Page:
The term drone an increasingly popular way to refer to the helicopter-like devices that are being flown by millions of people around the globe. However, there are other terms used to describe them, which can make things a bit confusing. It does seem a bit strange to have the word “drone” used to not only cover a $30 hobby aircraft that a child can fly but to also describe a high-tech $10 million weapon used on a battlefield. Those devices don’t exactly serve the same purpose. So why don’t they have different names?

UAV – A UAV is an Unmanned Aerial Vehicle. They are able to fly remotely (such as with a controller or tablet) or autonomously.
UAS – A UAS (Unmanned Aircraft Systems) includes not only the UAV (or drone), but also the person on the ground controlling the flight and the system in place that connects both of them.
RPA – RPA is Remotely Piloted Aircraft is essentially interchangeable with UAV since there is no consensus at the moment.

Let’s take a look at some of those projects the drone-building community has created many software and hardware projects under open licenses that allow you to build, repair, customize, and experiment with your own drone, or to supplement the use of drones in some other way.


Paparazzi UAV

Paparazzi UAV is a GPLv2 licensed project that combines both the software and hardware needed to build and fly an open source vehicle under open licenses. Its primary focus is autonomous flight, and it’s designed to be portable to allow operators to easily take their devices into the field and program their flights across a series of waypoints. Source code and releases of the software components can be found on GitHub, and tutorials for adapting it to off-the-shelf or custom-built hardware can be found on the project’s wiki.



ArduPilot claims it’s “the most advanced, full-featured, and reliable open source autopilot software available.” That’s probably not blowing smoke: it’s installed in more than 1 million drones and other UAVs, including airplanes, helicopters, boats, and submarines, and it has a large number of contributors working on the project. Its features include advanced data-logging, analysis, and simulation tools, and it’s supported by a broad ecosystem of third-party sensors, companion computers, and communication systems.

ArduPilot founded the Dronecode project (described below), but split from it in 2016 over disagreements around open source licensing; ArduPilot is licensed under GPLv3, which co-founder Craig Elder says leads to greater collaboration because all code changes must be openly published, unlike Dronecode’s BSD license. ArduPilot’s source code is available on GitHub.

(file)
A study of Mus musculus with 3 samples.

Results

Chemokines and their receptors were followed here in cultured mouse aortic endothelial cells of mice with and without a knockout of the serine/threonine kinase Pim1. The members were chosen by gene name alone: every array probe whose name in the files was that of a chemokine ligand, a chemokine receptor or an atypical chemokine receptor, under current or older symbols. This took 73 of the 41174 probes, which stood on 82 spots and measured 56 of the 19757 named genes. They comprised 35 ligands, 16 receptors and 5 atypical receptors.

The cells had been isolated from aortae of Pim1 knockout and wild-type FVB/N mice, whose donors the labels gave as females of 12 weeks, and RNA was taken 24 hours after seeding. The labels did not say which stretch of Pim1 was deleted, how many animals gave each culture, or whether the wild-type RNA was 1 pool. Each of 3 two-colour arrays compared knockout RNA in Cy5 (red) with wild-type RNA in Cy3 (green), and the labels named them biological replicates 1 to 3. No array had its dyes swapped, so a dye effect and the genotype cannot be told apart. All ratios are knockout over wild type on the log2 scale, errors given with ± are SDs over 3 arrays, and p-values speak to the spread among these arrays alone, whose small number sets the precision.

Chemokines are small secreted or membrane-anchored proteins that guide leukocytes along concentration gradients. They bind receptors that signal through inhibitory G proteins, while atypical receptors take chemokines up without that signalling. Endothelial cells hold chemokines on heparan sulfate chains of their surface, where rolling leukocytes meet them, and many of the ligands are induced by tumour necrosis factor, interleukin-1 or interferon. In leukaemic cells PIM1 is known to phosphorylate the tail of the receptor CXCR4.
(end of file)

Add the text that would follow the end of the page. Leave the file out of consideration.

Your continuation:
The Dronecode project is a Linux Foundation-sponsored project working to build a common open source platform for UAV development. It’s been through a lot of changes in the last few years, but today it serves as the governance structure for the components of the overall platform, where the project’s actual development occurs. Those components include the PX4 autopilot flight control system, the MAVLink robotics communication toolkit, and the QGroundControl user interface for flight control, mission planning, and configuration, all of which have individual GitHub repositories.



The LibrePilot software suite is designed to control multi-copters and other radio-controlled drones. The project’s roots lie in the Open Pilot UAV software project, and its goals are to support research and development of software and hardware for vehicle control and stabilization, unmanned autonomous vehicles, and robotics applications. LibreProject’s founders are committed to creating an open and collaborative environment, including working with similar projects. The main project is hosted on BitBucket and it’s licensed under GPLv3.



Flone is a cool project that basically turns a smartphone into a drone. It combines a digitally fabricated airframe with software that allows an Android smartphone on the ground to control the one strapped onto the airframe via Bluetooth. It is licensed under GPLv3 and its source code resides on GitHub. English-speaking developers and drone enthusiasts should know that the project is based in Spain and most of the documentation and other materials are in Spanish.



The opendronemap software takes this aerial imagery and helps you process it into point clouds, digital surface and elevation models, or just orthorectify the imagery (in essence, line up the imagery to a known coordinate system for further analysis).

Grab the source or a beta release on GitHub under a GPLv3 license, as well as a sample data set, and see whether it’s a good fit for you; the project’s wiki has more information. OpenDroneMap is designed to be run on Linux and can be run with Docker to avoid needing the exact configuration environment the project was built for.



DronePan is an iOS app (with an Android app on the way) that automates panoramic photography with DJI drones. As Preston Ward explained in an article, DronePan, “temporarily takes control of the [drone’s] aircraft heading and camera angle. After a simple tap or two, DronePan begins shooting 15 to 25 photos automatically with the proper overlap required for an aerial spherical panorama. When the panorama is complete, users resume manual control and can fly to other locations to shoot more panoramas.” DronePan is licensed under the GPLv3 license; you can access its source code on GitHub.